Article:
Australians Support Cannabis More Than Tobacco for the First Time in History According to a New Poll
New Poll Shows Australians Support Cannabis More Than Tobacco For The First Time In History
Attitudes around marijuana are changing all around the globe, which is fantastic news for people everywhere.
Now, even Down Under, more Australians are supporting cannabis compared to tobacco for the first time ever in history. The Australian government has made drug law reforms so that there is significantly less stigma around the drug, enabling more people to access the medicine that they need.
The results of a 2019 survey have just been released by the Australian Institute of Health and Welfare, asking 20,000 people over the age of 14 about their opinion on drug. They found that 20% of participants said they support cannabis use, a five-percent increase more compared to those who support tobacco – a record-breaking change. Additionally, support for marijuana legalization increased 16% from 2010 while 41% supported legalization, and 37% were opposed to it.
Around 4 in 5 respondents said that they wouldn’t use cannabis even if it was legalized but the ratio of people who would use cannabis if it was legal jumped from 5.3% in 2010 up to 9.5% in 2019.
The data also revealed the support for marijuana legalization was highest among the major cities in Australia including Sydney, Melbourne, and Brisbane. The highest ratio of support was found in Canberra, where 66% of respondents favored legalization, not surprising given the liberal approach the Australian Capital Territory is known for when it comes to marijuana policy.
Similar findings were revealed in a survey whose results were published on December 2021. Researchers in Australia assessed the results of the National Drug Strategy Household Survey, which takes place every 2-3 years. The last one, also conducted in 2019, found that support for marijuana legalization down under was at 41.1% in 2019, a large improvement from 25.5% back in 2013.
According to Don Weatherburn, a professor at the University of New South Wales’ National Drug and Alcohol Research Centre, the increase in support can be attributed to the rise in marijuana consumption. “It’s gradually become more prevalent, probably because the law has become less draconian,” he disclosed to The Guardian. “Most states now have some form of cannabis cautioning scheme, which makes the drug somewhat less stigmatized than it had been back in the 80s and 90s,” he said.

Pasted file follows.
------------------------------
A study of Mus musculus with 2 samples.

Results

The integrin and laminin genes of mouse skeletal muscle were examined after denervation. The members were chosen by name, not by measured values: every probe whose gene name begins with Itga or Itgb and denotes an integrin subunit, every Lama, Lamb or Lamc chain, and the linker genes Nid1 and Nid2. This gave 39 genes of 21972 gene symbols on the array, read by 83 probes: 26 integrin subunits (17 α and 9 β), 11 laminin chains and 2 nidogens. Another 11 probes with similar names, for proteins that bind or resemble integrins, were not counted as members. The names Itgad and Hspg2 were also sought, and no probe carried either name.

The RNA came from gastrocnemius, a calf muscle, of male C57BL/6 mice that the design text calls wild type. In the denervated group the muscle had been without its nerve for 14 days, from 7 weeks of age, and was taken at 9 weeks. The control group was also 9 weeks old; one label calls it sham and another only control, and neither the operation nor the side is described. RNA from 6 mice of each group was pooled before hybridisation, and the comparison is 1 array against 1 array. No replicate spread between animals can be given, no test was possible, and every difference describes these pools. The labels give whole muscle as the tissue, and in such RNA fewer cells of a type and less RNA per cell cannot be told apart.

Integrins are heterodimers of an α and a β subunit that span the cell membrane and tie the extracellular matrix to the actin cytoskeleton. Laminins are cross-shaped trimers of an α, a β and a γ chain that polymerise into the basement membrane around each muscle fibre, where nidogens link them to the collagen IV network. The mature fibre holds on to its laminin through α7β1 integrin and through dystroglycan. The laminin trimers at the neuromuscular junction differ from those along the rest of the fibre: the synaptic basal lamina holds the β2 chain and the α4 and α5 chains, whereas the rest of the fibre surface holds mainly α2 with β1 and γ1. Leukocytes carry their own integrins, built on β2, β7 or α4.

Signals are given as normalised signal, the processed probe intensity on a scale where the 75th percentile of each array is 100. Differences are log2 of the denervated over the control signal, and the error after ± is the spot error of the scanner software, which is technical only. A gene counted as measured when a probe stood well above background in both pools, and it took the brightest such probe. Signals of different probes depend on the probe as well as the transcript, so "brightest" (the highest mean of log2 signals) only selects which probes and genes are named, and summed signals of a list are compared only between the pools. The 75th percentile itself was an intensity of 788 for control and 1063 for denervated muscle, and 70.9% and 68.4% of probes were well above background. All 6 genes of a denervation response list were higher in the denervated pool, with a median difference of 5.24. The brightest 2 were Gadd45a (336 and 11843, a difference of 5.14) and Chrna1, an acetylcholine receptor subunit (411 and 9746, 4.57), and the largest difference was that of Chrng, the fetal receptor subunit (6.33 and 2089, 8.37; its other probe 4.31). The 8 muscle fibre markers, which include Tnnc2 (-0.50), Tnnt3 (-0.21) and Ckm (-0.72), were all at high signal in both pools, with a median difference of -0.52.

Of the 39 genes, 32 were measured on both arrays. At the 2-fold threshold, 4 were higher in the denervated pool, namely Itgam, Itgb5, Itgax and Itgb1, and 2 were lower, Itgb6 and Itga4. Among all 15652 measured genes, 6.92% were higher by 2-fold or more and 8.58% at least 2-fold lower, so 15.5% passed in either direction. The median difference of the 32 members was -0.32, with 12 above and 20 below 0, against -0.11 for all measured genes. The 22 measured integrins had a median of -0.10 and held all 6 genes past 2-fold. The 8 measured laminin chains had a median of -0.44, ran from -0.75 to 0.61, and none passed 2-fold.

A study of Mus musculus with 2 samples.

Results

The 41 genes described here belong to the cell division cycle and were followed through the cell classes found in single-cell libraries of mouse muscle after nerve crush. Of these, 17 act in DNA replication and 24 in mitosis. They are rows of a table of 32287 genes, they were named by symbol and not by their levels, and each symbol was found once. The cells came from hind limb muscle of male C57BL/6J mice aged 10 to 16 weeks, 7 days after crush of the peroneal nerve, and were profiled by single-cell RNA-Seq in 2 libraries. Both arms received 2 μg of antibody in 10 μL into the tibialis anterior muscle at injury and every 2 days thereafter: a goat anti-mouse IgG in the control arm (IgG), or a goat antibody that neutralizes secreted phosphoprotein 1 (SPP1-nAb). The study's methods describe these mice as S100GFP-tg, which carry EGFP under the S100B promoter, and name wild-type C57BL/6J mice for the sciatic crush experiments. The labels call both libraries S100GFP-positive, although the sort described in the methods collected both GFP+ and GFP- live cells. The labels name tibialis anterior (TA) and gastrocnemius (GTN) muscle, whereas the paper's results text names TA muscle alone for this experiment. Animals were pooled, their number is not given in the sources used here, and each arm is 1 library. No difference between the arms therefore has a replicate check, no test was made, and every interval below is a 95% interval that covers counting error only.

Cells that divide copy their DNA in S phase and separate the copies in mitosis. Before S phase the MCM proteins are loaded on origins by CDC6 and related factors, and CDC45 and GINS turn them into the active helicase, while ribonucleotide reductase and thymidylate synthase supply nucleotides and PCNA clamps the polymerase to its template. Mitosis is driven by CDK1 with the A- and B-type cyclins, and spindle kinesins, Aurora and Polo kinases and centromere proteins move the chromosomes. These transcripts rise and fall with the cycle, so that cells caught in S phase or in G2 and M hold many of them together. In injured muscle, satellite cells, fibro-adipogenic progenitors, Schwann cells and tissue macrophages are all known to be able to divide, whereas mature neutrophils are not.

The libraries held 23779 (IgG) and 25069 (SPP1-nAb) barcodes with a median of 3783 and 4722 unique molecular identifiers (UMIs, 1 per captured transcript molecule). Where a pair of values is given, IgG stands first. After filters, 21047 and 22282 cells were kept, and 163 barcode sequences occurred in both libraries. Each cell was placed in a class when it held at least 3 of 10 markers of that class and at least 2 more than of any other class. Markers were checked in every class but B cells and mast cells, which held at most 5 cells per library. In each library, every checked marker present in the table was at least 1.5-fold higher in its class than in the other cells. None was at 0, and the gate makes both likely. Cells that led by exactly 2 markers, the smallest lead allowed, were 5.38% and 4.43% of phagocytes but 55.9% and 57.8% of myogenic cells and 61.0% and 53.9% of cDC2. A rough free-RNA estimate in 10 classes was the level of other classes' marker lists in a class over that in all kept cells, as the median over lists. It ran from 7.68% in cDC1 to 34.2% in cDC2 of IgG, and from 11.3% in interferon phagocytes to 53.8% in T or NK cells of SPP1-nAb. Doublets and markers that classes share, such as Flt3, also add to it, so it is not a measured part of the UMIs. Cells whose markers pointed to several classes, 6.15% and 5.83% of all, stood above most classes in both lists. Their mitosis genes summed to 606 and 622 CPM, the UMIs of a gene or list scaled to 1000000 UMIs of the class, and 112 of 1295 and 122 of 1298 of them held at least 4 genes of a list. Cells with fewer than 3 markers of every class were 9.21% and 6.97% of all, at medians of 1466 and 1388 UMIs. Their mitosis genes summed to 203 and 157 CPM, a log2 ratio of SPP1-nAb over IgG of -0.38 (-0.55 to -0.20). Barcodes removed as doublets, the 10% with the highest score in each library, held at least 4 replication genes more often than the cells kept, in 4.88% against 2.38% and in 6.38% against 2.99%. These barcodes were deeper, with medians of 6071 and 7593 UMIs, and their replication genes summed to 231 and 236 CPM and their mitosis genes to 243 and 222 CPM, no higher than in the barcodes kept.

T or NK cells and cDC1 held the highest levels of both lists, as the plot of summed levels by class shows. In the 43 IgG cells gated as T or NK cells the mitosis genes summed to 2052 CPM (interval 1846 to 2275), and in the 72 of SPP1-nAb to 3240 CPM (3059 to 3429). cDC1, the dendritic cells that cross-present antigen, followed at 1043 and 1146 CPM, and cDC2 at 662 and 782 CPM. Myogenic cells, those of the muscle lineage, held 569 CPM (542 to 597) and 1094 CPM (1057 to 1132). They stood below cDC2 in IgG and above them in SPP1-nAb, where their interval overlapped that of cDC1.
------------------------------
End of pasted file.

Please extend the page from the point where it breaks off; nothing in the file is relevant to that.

“It’s also partly true that the people who first tried cannabis are now in positions of authority in and around government and major institutions,” he says.
Cannabis In Australia Today
Australia legalized medical marijuana at the federal level back in 2016. Since then, the cannabis industry as well as its culture has evolved and grown significantly. According to Prohibition Partners, the legal marijuana market in Oceania is seen to reach US $1.55 billion come 2024.
Recreational use is still a pipe dream, and the medical industry is strictly regulated. Despite this, the public continue to embrace the use of marijuana which is wonderful for breaking down the stigma. However, accessibility varies based on the states and territories as each gets to set their own rules, much like how state governments in the USA determine the legality and other rules surrounding accessibility for medical marijuana use, if any.
Getting access to medical marijuana in Australia is no easy feat, though: patients have to follow a complex set of steps to get prescriptions or legally access them, while doctors who want to write prescriptions for it have to make an application in order to do so. Patients who have one of several conditions can apply for MMJ prescriptions from their doctor, including those with pediatric or adult epilepsy, chronic pain, multiple sclerosis, and chemotherapy-induced nausea or vomiting. In addition, patients in palliative care may also apply though it’s a case to case basis.
Legal MMJ will fall under either approved or unapproved categories at the moment in Australia. Despite this, patients can access both types through a licensed medical practitioner. The approved MMJ products have already been registered by the Australian Register of Therapeutic Goods, assessed for its safety, quality, and effectiveness. As of the time of writing, only 2 MMJ products have been approved in Australia: nabiximols, also known as Sativex, which contains a proprietary blend of CBD and THC for treating spasticity in patients with Multiple Sclerosis. The other is CBD under the Epidiolex brand, a laboratory-made CBD preparation which is used for treating epilepsy.
Patients who want to access the unapproved MMJ products have to go through the Special Access Scheme (SAS) or Authorised Prescriber Scheme (APS). In addition, there are other products available that can be consumed in a range of consumption methods such as vaporization, liquid capsules, oils, sprays, and topicals. But the Therapeutic Goods Administration still doesn’t approve smoking marijuana.
Some cannabis products can be obtained through certain pathways that enable patients to get a hold of marijuana from Europe or Canada. These may include raw flower for vaporization, sprays, liquids, and oils.
Over the past few years, Australia has seen growing support for marijuana legalization across all territories and states. It is wonderful that the government has stepped forward to decriminalize it while treating marijuana use as a health problem instead of one that is criminal. However, more reform is needed to make it more accessible to the public but while interest is growing, change is expected to be slower than most would hope.